As I sat down I was planning a column on education reform but my morning paper, Television stations, and radio were all featuring rants about the Penn State penalties. I listened, read, and watched, and came to a conclusion. The sanctions are a response to the symptoms of a disease not an attempt to solve the problem. What is the problem? Simply put, the win now, win always, attitude of many colleges. We are ordained to compete for the title every year, and our institutions and athletes are coddled, enabled, and above the rules. The problem is the lack of competitive balance and underdog champions. This led me to two questions, first how does this happen, and second, what can be done about it.
First a school gets a reputation as either a niche school or a perennial power. The exemplar here is Penn State. Penn State does not challenge for the national title every year, but every year the school’s linebacker corps, receives great scrutiny from pro-scouts. Penn State is known year in and year out as a linebacker factory. This is an example of a niche school the other example is the perennial power. The exemplar here is the University of Texas, (UT). Every year UT is expected to be a top twenty team, a bowl team, and every few years to challenge for the national title. There are other niche schools and there are power schools, and they all feel entitled to success and look to dominate other schools by stockpiling talent.
Second what can be done, Penn State was penalized ten scholarships a year for the next four years! How many scholarships are they normally allowed? A college is allowed twenty-five football scholarships a year. So let’s look at the math, twentyfive scholarships minus ten scholarships equals fifteen scholarships for football a year. Now there are eleven players on offense, eleven players on defense, two kickers, and two return specialists. That means twenty-six players; add in six back-ups, thirty-two players. Thirty-two divided by four is eight. That means a team needs eight players a year, to maintain a team. But they can offer twenty-five scholarships a year. If this is the problem then the solution is obvious. Only allow ten, maybe twelve, scholarships a year. Then the loss of scholarships would be a truly meaningful deterrent. This reduction of scholarships should be applied to all sports in which there is NCAA competition.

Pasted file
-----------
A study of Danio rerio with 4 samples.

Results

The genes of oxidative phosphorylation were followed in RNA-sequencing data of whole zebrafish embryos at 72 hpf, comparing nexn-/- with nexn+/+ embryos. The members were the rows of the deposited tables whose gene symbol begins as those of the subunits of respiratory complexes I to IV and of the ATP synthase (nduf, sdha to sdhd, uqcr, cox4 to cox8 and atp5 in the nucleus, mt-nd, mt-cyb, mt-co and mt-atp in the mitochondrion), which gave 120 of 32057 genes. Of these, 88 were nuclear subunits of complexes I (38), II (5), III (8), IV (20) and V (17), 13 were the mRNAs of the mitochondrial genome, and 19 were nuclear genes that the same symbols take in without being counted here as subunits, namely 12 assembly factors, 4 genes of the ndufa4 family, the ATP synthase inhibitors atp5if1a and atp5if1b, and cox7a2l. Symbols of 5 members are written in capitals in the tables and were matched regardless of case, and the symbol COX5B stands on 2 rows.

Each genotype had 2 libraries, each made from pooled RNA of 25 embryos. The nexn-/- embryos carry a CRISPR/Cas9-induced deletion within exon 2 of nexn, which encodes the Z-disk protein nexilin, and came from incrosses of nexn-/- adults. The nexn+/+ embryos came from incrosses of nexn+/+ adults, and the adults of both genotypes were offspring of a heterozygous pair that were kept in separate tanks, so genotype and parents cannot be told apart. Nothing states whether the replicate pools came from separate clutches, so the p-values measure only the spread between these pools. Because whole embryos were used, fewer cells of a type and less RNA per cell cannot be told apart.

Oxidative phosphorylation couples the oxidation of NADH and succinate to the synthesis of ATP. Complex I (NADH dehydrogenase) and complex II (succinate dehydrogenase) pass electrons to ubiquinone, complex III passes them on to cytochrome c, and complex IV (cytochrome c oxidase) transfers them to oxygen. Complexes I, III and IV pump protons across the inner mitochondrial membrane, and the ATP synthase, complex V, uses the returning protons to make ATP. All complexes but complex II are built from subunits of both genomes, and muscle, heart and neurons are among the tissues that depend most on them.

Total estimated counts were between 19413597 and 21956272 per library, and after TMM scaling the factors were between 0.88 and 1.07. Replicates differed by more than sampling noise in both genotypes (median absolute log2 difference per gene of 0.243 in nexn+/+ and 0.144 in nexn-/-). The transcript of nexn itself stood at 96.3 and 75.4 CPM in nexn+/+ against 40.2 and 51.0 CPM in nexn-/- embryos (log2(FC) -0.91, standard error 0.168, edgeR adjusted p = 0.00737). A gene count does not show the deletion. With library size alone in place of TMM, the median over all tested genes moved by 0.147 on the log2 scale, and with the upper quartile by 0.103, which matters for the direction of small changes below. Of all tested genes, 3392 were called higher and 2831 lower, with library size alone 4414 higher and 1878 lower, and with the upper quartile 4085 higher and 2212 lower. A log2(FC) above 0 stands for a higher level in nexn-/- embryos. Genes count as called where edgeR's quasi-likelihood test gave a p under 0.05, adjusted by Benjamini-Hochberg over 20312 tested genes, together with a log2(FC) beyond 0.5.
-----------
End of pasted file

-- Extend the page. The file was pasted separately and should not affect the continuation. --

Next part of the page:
Next, while still on the subject of sanctions, increase the number of sanctionable offenses. Also make the application of the “death-penalty” almost mandatory when the institution is found guilty of systemic violations or if the violations include college administration, or board members. And if this latter group is involved, then apply the sanctions across multiple sports. Also these super fan groups or alumni organizations should be treated as if part of the schools administration. If the school knows it will be held accountable for any actions that are associated with the sports program then maybe just maybe these schools will be motivated to truly police themselves.
Finally, there was a time when verbal contracts were binding and people were expected to fulfill their obligations. This means if a student athlete accepts a scholarship then that athlete is expected to fulfill that commitment. If they do not then there should be consequences. Consequence one; seeing as that a scholarship is vacated the student/ athlete is to reimburse the college for the cost of the full scholarship. Yes, there are hardship cases and the NCAA should have a panel to investigate and rule on hardships. Student/ athletes found guilty of violations should be forced to wait until their graduation year before being allowed to go pro.
Colleges are called institutions of higher learning, not generators of professional athletes. If colleges are held to a higher standard, if athletes are held to a higher standard, and competitive balance restored between the schools and conferences then maybe we can look forward to a golden age of college sports.
ROY POKLADNIK, a teacher and problem solver welcomes comments and suggestions for topics . He may be reached at : email@example.com.